August Klienzahler – Sleeping it Off in Rapid City

7/2/17


In the last post we looked at how an all pervading sense of decorum, reverence and importance came to impede a Derek Walcott poetry reading. In this post we look at how a similarly renowned poet manages to overcome these stifling traditions.

August Kleinzahler's reading takes place at Harvard University. The reading is part of the Phi Beta Kappa Literary Exercises, an annual commencement address that goes back to the 18th Century. Eminence, reverence and importance are not in short supply here.

In the image from the review of the event from the Harvard website(note the barbed, wounded tone of the headline, perhaps a sign that Kleinzahler had not paid due deference to the institution?) we see a grand academic venue, complete seated, vestment clad professors on stage, overlooked by a forefather's statue.

I could not find a recording or description of Kleinzahler's introduction, but, due to the eminence of the engagement, we can assume that it is the kind of introduction that we have come to expect from this kind of event. Members of faclulty would have been name checked and thanked, Kleinzhaler's works, achievements and commendations wold have been listed at a length that no dust jacket would have been long enough to accomodate.

In this context, Kleinzahler's opening statements, delivered from a lectern as he is flanked by the great and the good, could be seen as deliberately casual and bathetic:

"Sleeping it Off in Rapid City...errrm....there's a lot going on here but, erm, [there is a pause where Klienzahler looks towards his audience and widens his eyes as he addresses them] you look like a clever lot and I'll let you find your way."

The space between the announcement of the poem's title and the poem itself can be a fraught and loaded moment. To fill this space by playfully questioning the audience's ability to keep up with the poem initiates an informal mood that is at odds with the eminent setting.

The opening lines of the poem deliver series of disparate images and declarative statements, all seeming to eminate from a variety of viewpoints and and personas. We know from the title that the poem is set in Rapid City, Michigan and that someone, perhaps the poet himself is having a kip, or at least trying to.

A few moments later he is making shrieking velociraptor and grumbling triceratops noises. It turns out that these are recordings on constant playback but for a moment we are invited to imagine two actual dinosaurs in the Rapid City setting. The lines could have informed about the looped soundtracks before we heard them but what fun would that have been?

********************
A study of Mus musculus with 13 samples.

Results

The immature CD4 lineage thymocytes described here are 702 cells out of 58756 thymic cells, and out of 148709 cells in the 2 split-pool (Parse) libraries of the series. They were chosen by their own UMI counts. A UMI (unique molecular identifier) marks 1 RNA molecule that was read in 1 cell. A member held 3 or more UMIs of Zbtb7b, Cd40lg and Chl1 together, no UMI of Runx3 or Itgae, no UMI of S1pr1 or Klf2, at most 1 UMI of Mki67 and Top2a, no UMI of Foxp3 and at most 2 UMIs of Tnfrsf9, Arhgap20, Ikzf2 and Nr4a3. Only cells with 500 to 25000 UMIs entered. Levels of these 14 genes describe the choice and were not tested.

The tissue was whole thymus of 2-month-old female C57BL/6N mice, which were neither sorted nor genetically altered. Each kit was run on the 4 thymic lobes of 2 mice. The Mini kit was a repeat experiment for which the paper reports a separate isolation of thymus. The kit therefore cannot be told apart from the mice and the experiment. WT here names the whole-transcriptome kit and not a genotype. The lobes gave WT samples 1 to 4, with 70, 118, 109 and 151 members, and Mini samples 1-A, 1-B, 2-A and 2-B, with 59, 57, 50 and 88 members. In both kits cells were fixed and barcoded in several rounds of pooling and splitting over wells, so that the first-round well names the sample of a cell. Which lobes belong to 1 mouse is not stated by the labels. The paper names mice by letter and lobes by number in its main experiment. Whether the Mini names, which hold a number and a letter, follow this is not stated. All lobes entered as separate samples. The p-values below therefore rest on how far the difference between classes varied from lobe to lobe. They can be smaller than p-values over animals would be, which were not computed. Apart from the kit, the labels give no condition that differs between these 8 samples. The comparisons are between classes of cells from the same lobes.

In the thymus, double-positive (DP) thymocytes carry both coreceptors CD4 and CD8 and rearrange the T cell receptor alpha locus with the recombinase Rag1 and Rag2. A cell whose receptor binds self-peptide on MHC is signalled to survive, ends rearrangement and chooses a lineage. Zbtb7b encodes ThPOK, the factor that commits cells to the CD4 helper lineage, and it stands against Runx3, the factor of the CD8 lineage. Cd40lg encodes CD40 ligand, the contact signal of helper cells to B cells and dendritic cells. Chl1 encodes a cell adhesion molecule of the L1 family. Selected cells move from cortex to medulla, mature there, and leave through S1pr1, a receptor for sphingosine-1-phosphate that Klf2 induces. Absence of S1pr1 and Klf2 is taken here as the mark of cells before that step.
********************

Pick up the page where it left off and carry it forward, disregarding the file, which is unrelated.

By now, the listener, if she is as smart as she looks, has worked out that Klienzahler is not so much setting up a narrative or line of argument but rather an attitude and an aesthetic.

After describing the stuffy confines of a bible shop in comparison to the lively cacophonics of the dinosaur shop he states:

This is a sacred place, a holy place
4 a.m in sacred place,
I can tell this is a sacred place, I needn't be told
It's in the air
I feel it

The declarations of sacredness continue throughout the poem and we, as generous listeners, take this declarations as sincere. This first impression is soon thrown into question when the poet informs us that:

The Lambs of Christ are among us
You can tell by the billboards
The billboards with fetuses, way out on the highway

Blessings are also bestowed, and, just in case the listener hasn't worked out that Kleinzahler is taking the piss, they fall upon Richard Nixon, Mao Tze Tung and Kevin Costner.

The poem talks about the heart of America, but this heart is contradictory or whimsical in its nature. Descriptions of vast, humbling landscapes collide with similarly reverential nods to high kitsch.

This could be seen as the postmodern attitude of the poem. We are never sure which exclamations are sincere and which are ironic.

It is this ambiguity as to whether Kleinzahler is sincere or taking the piss that can be transposed into the frame and setting of the reading itself. If we cannot be sure about the ideas of sacredness and blessings within the poem, can be also be sure about the eminence of the venue and its grand commencement traditons?

It is in this sense that I believe Kleizahler is able to overcome the stiffling sense of importance that plagued the Walcott reading. The audience are now able to approach the poems in their own ways. Perhaps they may still find the poems to be of importance, perhaps they'll find that they don't like the poems at all, which is absolultely fine. They may even, heaven forbid, find themselves having some fun.

This is the latest in an ongoing series of posts that work towards a criticism of the Spoken Word. I will be looking at all forms of Spoken Word — not just poetry readings and spoken word/poetry performances but stand up comedy, confessional monologues, academic lectures, speeches, wrestling promos and any other act of public speech that rings my bell. All posts will appear under the Toward a Criticism of the Spoken Word category. Click to see if new posts have been added and for any you may have missed.